In my first year as a Jesus-follower I felt God calling me to me the youth pastor of the Lutheran church I grew up in. Our church did not have a youth pastor. For Sunday after Sunday an announcement appeared in the church bulletin which read: "Please pray that we would find a youth pastor." I shared my sense of calling with our pastor. He agreed. I stayed for three years before moving, as a result of another call from God.
I experienced God calling me to study at a theological seminary. I was called to study, to learn, to research. My three years at seminary have been so valuable for me!
During that time God called me to be an assistant pastor at First Baptist Church of Joliet, Illinois. Linda and I were there for seven years.
We left Joliet when God called us to be campus pastors at the Baptist Student Center of Michigan State University. We were there for eleven years. We loved campus ministry!
In our tenth year there we sensed God was going to call us elsewhere. He did. We came to Monroe, Michigan, to serve Jesus at Redeemer Fellowship Church. We are in year twenty-seven!
Within this adventure Linda and I have experienced countless secondary callings. Like today, as God is calling us to reach out to some people. These callings give our lives meaning and purpose. Were there no God, then there would be no calling, no "vocation," and life would be without ultimate meaning and purpose. (Note: Os Guinness, in The Call: Finding and Fulfilling God's Purpose for Your Life, distinguishes between primary and secondary callings.)
A main way we experience God is by being called, and then, often in retrospect, seeing how God was in this all along.
Jacob Shatzer defines, in Transhumanism and the Image of God: Today's Technology and the Future of Christian Discipleship, "vocation" as "all of those experiences and insights that our lives are guided by Another, that we are responding not to inert nature that bends to our will, but to another Will, with whom we might live in covenant relationship, and to Whom we will be ultimately accountable.” (29)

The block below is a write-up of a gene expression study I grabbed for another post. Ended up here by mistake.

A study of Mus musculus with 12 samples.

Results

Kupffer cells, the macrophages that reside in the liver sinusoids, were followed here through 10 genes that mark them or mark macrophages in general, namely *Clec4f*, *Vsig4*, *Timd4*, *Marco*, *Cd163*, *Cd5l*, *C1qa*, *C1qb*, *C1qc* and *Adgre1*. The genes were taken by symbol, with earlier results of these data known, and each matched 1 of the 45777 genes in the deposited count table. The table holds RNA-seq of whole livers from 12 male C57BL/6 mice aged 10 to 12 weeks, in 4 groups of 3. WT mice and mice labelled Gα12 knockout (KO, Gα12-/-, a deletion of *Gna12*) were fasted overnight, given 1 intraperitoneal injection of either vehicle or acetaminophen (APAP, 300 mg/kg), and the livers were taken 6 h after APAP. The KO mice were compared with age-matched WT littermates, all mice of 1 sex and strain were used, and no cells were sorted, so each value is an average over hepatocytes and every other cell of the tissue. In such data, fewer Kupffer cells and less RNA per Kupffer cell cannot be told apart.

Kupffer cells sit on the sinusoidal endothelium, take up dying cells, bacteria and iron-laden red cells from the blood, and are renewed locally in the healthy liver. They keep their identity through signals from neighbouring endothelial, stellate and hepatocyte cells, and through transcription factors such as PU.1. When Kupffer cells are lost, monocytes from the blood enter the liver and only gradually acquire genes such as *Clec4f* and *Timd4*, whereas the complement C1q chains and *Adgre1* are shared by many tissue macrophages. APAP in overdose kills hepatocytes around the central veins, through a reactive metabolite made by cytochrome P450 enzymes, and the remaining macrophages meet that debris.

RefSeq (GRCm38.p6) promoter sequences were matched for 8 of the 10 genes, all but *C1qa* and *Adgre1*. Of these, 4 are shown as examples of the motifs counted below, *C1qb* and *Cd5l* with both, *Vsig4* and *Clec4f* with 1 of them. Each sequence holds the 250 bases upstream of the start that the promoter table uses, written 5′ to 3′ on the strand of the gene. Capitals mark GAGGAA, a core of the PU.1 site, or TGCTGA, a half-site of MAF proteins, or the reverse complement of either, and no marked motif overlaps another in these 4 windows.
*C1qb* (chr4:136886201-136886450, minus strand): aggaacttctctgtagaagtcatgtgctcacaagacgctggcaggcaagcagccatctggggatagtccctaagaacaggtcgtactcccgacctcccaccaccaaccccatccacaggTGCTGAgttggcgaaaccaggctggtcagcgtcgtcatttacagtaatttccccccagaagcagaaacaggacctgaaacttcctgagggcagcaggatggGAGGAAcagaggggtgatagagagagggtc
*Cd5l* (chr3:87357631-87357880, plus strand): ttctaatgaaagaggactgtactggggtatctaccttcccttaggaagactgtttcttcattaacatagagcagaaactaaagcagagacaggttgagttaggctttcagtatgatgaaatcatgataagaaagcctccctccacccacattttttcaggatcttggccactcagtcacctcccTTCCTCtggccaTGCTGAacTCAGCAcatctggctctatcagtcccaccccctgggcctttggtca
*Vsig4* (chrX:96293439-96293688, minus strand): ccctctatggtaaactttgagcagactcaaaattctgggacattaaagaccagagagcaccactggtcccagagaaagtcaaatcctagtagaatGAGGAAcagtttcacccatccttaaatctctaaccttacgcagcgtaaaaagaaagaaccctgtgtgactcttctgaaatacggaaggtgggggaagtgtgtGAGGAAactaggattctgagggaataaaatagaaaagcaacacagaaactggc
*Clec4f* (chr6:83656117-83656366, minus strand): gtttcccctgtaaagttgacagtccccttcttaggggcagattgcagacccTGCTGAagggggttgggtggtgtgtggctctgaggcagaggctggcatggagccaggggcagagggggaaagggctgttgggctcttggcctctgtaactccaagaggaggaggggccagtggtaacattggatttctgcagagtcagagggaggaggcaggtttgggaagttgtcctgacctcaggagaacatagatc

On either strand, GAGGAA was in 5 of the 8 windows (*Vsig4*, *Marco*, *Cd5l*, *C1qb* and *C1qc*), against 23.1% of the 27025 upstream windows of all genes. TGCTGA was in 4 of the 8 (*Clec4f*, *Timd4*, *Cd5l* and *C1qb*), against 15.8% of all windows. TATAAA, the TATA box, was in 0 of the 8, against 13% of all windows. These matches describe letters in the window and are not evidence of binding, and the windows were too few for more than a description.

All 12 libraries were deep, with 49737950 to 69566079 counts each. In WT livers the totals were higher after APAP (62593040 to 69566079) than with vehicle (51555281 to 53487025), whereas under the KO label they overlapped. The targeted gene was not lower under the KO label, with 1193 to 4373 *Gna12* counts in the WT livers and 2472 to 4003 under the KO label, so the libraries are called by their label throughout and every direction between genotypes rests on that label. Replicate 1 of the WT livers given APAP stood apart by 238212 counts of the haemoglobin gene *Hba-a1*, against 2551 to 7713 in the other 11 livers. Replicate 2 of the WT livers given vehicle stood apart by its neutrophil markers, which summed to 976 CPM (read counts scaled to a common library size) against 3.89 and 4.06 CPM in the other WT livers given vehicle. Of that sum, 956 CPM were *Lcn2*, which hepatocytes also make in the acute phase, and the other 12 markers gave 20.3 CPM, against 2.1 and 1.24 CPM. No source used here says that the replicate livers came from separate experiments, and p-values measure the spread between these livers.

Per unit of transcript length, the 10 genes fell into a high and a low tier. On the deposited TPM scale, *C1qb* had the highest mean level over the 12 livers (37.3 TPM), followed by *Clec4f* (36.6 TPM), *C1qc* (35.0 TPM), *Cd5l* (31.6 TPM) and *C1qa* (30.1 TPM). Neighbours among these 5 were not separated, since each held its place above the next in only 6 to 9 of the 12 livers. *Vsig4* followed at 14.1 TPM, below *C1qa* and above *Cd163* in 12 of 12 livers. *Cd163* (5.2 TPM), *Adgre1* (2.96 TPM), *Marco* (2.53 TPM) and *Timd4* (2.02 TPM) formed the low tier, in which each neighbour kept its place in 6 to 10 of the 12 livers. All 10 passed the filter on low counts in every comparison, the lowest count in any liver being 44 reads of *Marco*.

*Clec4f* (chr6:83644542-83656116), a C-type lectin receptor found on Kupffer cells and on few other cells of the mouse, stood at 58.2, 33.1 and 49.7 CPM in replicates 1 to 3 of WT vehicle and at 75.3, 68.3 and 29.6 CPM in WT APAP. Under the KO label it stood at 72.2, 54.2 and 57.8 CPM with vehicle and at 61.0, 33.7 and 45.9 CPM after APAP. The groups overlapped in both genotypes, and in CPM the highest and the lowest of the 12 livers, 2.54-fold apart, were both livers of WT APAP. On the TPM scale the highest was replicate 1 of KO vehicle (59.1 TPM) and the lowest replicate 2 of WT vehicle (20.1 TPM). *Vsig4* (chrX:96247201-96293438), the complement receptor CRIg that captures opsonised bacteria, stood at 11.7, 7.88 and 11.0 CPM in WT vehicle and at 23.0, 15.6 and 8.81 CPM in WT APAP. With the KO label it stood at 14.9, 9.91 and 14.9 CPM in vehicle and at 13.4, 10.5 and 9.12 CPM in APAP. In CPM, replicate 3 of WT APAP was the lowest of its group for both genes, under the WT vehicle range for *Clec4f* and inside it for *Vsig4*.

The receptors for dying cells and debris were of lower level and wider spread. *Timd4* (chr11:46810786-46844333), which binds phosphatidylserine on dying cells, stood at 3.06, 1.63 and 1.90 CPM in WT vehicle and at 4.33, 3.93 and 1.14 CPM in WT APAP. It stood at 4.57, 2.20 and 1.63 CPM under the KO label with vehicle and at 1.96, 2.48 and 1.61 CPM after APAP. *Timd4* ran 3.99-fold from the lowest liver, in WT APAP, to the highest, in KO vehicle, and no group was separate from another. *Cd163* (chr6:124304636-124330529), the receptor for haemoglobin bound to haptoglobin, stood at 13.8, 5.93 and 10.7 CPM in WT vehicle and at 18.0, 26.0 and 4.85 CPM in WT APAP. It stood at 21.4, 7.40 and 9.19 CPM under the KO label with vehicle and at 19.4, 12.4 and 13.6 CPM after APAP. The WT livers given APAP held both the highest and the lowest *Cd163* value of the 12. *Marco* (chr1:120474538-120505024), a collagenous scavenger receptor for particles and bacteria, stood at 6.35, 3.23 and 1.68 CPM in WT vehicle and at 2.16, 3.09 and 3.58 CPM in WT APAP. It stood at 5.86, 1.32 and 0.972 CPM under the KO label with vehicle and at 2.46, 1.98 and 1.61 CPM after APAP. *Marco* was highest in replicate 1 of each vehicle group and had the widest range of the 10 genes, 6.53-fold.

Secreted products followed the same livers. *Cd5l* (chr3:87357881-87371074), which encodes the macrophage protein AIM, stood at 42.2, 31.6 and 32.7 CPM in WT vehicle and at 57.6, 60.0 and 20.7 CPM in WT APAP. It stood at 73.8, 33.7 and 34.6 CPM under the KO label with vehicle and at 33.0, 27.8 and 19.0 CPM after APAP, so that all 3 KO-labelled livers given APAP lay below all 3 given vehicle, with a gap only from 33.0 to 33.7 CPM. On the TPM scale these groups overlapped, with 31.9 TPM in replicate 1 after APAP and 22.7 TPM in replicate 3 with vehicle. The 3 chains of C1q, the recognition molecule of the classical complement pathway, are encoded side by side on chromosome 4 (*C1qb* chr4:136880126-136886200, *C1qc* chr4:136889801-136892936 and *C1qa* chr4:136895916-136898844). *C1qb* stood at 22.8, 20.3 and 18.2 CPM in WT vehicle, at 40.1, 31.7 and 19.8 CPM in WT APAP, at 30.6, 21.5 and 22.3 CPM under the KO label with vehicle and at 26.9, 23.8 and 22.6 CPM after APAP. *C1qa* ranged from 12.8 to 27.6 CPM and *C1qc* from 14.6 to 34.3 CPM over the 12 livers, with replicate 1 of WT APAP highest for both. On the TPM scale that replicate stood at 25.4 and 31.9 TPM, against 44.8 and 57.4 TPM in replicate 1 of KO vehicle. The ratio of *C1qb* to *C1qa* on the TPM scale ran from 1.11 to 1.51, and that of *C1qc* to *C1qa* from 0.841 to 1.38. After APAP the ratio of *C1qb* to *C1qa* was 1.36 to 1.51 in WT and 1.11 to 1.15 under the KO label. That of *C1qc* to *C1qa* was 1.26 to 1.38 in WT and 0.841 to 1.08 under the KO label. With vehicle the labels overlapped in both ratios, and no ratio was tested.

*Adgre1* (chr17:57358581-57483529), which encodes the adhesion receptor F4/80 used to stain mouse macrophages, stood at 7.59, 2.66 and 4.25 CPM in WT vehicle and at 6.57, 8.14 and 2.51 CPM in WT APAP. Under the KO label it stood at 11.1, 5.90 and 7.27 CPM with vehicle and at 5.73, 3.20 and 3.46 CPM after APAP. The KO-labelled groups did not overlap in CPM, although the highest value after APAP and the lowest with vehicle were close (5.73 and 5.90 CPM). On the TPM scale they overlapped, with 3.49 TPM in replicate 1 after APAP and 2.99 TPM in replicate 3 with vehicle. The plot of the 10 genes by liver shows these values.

Shatzer says a calling from God has four elements.
1. A call implies a caller, one doing the calling.
2. Often the call is to something the person hearing the call doesn't want.
3. Callings almost always lead to hardships that the person has to work through in order to obey.
4. The greatest danger is being distracted from the goal. Shatzer writes: "Often we act like making the wrong choice is the biggest problem. If we are responding to God’s call, the biggest danger is that we become distracted from that call by focusing on something else." (30)
"Our society is very different from one shaped by this notion of calling, because we prioritize power and control. We don’t want to respond to a Caller. We seek knowledge so that we can control rather than participate in a larger community. In fact, “Power has become the centerpiece of a new kind of harmony, one based no longer on the ‘right relation of things’ in a world that both begins and ends in mystery, but it is a harmony that comes from control.” Control diminishes relationship; the will of one alone is expressed, and conversation and communion are lost. A loss of vocation that emphasizes the individual will and promotes the desire to control prevents the propagation of genuine community."
Our current cultural malaise, angst, loneliness, and existential dystopian tendencies is partly, if not largely, due to the lack of meaning and purpose that logically follows from the absence of a Caller.
My two books are:
I'm now working on...
Transformation: How God Changes the Human Heart
I am editing a book of essays on the Holy Spirit, authored by my HSRM colleagues. Hopefully this book (Encounters With the Holy Spirit) will be out by June.
And, when all this settles, Linda and I intend on writing our book on Relationships.